Why DBS Bank is building a talent pipeline for the finance industry

by John Hilton15 Feb 2016
You know a company is serious about L&D when they launch a 40,000 sq ft learning centre, with the aim of building a talent pool to shape the future of Singapore’s finance industry.

The Singaporean multinational financial services company DBS Bank believes the new addition will set a benchmark for innovative learning spaces and approaches in Asia.

Further, the DBS Academy conducts over 10,000 training sessions each year and employees can access scenario-based leadership development programs and digital master classes.

Why are these kinds of projects important to DBS Bank?

“DBS believes that people are at the heart of what we do, and they are our greatest resource,” said Khoo Teng Cheong, head of learning and development, DBS Bank.

“Hence, we’re heavily investing in training and developing them, providing them with the tools and resources they need as they work towards their career aspirations.

“This is also to help build a talent pipeline not only for the bank, but for the finance industry as a whole.”

Khoo told L&D Professional that DBS Bank want to develop people who are innovative, team players, creative and have good problem-solving skills, so that they can shape the future of banking.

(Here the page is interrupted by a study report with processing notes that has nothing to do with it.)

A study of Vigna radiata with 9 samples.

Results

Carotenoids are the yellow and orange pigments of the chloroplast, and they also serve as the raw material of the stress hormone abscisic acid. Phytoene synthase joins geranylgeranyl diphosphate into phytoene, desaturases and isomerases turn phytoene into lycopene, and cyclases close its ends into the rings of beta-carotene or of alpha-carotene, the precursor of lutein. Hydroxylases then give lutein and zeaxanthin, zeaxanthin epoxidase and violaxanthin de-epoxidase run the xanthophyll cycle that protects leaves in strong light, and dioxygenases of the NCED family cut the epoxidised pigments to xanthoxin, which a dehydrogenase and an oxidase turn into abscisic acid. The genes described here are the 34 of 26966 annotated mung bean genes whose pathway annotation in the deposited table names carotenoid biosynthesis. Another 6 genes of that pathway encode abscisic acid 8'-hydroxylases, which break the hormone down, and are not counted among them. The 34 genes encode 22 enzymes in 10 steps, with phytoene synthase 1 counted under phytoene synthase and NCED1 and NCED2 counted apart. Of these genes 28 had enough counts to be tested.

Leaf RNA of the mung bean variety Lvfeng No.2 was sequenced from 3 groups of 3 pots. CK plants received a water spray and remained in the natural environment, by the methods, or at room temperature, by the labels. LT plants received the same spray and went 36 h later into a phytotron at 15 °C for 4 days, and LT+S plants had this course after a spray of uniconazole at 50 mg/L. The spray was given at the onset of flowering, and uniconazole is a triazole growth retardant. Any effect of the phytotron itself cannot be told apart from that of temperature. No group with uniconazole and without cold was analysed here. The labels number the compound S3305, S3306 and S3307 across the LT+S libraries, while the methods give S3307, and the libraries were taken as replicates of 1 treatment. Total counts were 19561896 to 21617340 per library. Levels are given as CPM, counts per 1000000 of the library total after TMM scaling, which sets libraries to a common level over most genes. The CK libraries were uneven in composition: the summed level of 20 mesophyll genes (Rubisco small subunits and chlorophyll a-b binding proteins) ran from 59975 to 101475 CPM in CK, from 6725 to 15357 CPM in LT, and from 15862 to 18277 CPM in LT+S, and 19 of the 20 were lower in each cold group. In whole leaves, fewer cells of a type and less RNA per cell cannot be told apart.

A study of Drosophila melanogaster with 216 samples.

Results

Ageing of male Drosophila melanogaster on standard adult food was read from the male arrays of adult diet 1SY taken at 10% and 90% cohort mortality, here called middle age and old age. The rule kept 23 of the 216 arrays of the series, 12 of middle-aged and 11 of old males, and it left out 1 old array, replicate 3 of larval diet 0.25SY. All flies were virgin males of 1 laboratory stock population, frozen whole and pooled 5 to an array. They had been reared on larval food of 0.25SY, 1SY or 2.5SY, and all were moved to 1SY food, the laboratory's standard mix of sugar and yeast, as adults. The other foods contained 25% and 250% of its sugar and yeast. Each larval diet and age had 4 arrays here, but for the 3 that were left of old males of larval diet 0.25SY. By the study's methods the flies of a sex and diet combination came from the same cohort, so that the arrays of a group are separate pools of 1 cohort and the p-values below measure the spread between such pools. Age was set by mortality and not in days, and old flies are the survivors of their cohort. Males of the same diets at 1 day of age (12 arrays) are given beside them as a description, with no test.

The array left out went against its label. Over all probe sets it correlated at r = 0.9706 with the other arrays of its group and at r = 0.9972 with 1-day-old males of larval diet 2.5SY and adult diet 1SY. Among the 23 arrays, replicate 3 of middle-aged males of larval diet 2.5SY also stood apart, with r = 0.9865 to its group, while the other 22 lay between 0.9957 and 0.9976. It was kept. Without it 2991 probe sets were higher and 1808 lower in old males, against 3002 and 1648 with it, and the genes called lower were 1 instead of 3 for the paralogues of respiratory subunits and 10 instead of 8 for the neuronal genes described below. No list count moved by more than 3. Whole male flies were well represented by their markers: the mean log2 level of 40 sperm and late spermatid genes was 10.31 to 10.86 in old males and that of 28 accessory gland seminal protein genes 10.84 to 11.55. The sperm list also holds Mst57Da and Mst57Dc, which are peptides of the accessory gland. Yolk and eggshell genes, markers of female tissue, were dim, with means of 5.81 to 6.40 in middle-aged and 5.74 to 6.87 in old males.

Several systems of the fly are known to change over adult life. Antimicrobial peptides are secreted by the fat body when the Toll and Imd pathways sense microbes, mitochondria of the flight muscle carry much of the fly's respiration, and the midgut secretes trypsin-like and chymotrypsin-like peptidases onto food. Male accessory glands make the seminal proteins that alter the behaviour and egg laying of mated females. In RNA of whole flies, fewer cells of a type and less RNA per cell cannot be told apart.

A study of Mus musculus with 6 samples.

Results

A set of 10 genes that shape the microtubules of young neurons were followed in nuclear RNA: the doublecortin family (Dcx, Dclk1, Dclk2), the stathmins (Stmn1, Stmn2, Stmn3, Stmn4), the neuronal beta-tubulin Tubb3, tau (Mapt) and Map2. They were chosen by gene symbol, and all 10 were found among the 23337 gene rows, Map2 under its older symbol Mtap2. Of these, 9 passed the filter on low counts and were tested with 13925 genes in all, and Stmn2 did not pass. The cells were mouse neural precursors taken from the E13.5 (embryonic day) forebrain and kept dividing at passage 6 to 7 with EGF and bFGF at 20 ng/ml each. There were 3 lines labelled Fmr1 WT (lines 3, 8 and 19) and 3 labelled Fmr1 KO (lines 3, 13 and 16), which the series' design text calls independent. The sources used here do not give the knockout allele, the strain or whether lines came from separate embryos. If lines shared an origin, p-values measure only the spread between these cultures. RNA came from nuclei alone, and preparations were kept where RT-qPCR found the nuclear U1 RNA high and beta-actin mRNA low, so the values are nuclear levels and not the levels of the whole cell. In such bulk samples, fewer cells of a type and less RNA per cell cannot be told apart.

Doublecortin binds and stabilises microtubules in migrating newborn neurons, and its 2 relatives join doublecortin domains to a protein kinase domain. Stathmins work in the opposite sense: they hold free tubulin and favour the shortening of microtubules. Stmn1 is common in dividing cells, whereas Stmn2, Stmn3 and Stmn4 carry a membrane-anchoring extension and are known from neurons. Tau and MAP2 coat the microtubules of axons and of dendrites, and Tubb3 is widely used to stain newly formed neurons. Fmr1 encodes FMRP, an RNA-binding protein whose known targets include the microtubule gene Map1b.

Employees also participate in talent conferences, external programs, mentoring and coaching to ensure a holistic development experience, he said.

“Through these development opportunities, they are able to build a strong network with their peers,” added Khoo.

L&D Professional recently spoke to Professor Stephen Billett of Griffith University about the importance of employees participating in a range of tasks to help them develop. This is something which DBS Bank wholeheartedly agrees with.

“We believe in the importance of internal mobility so our employees get a holistic experience of different functions of the business, and this helps accelerate their development,” said Khoo.

One of the biggest tests facing DBS Bank is that they have diverse workforce and that everyone has different learning needs.

“A one-size-fits-all approach to L&D does not work in this case,” said Khoo.

“It is hence important for us to apply a tailored approach to understanding each employee’s learning needs, so that we can provide them with the right opportunities for them to grow in their careers,” he said.

This involves constantly improving the medium and/or formats in which DBS Bank deliver their training content.  

For example, DBS have developed online personalised learning roadmaps which their staff can access on the go.

These roadmaps enable staff to assess their individual career progression, as well as the development opportunities available in DBS.

“With these roadmaps, they will be provided with a clearer idea of what training programs are best suited to their individual roles and levels of experience,” said Khoo.

“The banking and finance industry has become increasingly challenging in recent years and our working environment is changing at an unprecedented pace.

“As such, we make it a point to constantly review and update our learning solutions so that we are up to date with the latest developments.

“There is also a greater emphasis on social and collaborative learning today, and we are tapping on new technology to change the way people learn and provide the relevant tools to facilitate this.”